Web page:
Willow was “extremely done with music” after pressure from success of ‘Whip My Hair’

The musician contemplated aged 11 whether music was the career for her

Willow has opened up about the impact of the success of her debut single ‘Whip My Hair’, which peaked at Number Five in the US charts when it was released in 2010.

The musician, who spoke to NME for the latest Big Read cover interview, said that the gruelling press cycle and attention that arrived right at the start of the career made her question her path in music.

In 2011 she supported Justin Bieber on the UK leg of his ‘My World’ tour but wanted to drop out of the upcoming Australian dates, with reports that she walked off stage in Dublin.


“I was extremely done with music after that. I tried to do so many other things. I didn’t make music for a whole year, which is insane for me,” she told NME.

Willow
Willow on the cover of NME

“I wanted to do other things to figure out if music was the real deal or not. But it just stuck, man. It would not go away. It’s like music was saying, ‘I’m in your mind and in your heart; your forever roommate. You could write a book if you want, but it’s not going to be your main thing. You’re not going to leave me behind and be an author.’

She continued: “I definitely could do both, and that’s going to happen soon – but still: music has my heart. She’s got me by the ovaries.”

Willow went on to release four albums, ‘Ardipithecus’ (2015), ‘The 1st’ (2017), ‘Willow‘ (2019) and this year’s ‘Lately I Feel Everything‘.


Willow recalled being introduced to the rock world by watching her mother, Jada Pinkett Smith, play live shows in the heavy metal band Wicked Wisdom. However, she also witnessed her mother being subjected to racist and sexist abuse.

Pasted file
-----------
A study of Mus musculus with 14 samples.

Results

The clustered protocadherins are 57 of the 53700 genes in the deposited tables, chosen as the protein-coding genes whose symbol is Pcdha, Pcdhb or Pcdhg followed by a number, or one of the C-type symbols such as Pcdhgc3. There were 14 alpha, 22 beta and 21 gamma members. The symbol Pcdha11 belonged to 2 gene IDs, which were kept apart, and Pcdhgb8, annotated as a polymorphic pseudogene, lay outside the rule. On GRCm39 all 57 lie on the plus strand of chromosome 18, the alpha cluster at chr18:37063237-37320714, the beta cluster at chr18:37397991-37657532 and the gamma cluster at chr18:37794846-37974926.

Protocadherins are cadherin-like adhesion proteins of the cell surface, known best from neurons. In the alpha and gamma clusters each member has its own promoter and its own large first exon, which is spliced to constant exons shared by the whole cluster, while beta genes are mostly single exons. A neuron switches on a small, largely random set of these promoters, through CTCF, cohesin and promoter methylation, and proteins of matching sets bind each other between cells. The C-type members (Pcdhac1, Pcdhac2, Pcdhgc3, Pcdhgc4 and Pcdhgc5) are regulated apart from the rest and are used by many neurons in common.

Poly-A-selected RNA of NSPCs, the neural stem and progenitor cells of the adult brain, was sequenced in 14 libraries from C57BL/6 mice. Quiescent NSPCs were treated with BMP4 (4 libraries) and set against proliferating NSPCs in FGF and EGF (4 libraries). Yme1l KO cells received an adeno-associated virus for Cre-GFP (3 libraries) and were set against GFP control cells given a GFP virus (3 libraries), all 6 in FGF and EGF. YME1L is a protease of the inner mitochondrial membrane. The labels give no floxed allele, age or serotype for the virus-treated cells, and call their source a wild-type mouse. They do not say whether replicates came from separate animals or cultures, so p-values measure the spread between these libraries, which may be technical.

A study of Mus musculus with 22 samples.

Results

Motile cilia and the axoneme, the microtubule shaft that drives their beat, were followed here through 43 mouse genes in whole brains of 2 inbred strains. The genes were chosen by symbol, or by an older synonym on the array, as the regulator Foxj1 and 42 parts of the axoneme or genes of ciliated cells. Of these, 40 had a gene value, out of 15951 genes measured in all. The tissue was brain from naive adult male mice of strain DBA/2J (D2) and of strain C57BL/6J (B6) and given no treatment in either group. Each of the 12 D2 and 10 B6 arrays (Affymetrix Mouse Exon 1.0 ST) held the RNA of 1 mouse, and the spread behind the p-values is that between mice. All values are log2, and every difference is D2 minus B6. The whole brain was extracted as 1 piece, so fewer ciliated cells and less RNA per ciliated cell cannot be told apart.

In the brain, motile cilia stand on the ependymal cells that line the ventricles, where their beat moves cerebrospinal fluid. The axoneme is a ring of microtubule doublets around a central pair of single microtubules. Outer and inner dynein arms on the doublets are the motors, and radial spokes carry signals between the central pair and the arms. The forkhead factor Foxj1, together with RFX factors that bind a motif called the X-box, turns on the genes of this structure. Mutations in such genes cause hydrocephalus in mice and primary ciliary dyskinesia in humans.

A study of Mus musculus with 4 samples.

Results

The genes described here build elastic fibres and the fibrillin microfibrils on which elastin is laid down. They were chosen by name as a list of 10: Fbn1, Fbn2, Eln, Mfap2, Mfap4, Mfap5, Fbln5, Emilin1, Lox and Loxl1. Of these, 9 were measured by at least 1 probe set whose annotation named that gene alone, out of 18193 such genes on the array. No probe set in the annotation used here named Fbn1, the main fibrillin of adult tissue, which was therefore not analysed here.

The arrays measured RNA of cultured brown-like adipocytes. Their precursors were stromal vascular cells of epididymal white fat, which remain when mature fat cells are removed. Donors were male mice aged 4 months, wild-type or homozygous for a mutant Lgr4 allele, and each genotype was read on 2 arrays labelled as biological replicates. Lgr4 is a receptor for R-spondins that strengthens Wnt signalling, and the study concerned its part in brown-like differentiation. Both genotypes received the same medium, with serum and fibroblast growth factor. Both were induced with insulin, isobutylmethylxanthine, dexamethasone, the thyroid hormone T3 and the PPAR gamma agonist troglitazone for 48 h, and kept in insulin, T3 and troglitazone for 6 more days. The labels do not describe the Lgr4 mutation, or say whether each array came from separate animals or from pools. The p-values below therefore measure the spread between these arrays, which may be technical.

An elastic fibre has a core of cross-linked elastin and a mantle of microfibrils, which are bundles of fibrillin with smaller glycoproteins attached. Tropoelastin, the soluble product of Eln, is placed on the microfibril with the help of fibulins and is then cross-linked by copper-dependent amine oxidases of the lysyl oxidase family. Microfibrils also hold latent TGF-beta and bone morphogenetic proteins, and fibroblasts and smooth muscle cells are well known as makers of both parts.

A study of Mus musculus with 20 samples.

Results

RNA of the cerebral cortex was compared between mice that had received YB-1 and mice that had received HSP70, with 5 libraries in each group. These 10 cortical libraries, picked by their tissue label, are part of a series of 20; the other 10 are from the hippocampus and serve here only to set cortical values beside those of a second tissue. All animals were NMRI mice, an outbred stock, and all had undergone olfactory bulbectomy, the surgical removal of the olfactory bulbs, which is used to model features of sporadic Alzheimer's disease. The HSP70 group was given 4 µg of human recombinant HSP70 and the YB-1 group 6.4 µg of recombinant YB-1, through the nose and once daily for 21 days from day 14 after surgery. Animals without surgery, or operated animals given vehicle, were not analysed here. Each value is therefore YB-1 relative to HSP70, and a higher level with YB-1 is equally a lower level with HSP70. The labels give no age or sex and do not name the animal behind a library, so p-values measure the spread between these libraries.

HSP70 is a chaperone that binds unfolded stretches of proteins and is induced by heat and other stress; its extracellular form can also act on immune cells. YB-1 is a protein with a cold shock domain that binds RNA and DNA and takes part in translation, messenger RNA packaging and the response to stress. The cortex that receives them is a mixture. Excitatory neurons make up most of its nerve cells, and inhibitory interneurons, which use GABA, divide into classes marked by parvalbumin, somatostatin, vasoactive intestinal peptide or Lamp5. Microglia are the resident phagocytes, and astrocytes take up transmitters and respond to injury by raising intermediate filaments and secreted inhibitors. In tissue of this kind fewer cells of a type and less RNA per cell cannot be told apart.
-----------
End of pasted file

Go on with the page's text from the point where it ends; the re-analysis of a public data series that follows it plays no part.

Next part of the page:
“She showed me what being a woman is really all about,” Willow told NME. “There are literally no words to describe having to get up in front of people who literally hated her, every night. She did it with such grace and power. And at every single show, she won them over.

“By the end of the show, the people who were calling her racial slurs and throwing things at her were like, ‘Actually, they kinda went off’. That made it really worth it.”

Willow
Willow, 2021. CREDIT: Dana Trippe

Willow, who has experienced anxiety in her life, also told NME about how important it is for her to use her voice to help others.

“A lot of people might think, because I have resources or am supported in so many ways, that those things [mental health issues] don’t come into account. But we all feel lonely. We all feel like we don’t have a purpose. We all need to find the reason to get up everyday and continue. I want people to know that we all feel that. As humans, I hope we can connect on that and be kinder to one another and more understanding,” she said.

“Even if my music was trash and I wasn’t talented at all, I would 100 per cent still want to have the content of self-love, love for the planet, love for each other and unconditional compassion,” she added. “That’s so important to me.”

In other news, Willow plays a one-off London show at Camden’s Electric Ballroom this Thursday (December 9) in support of her new album.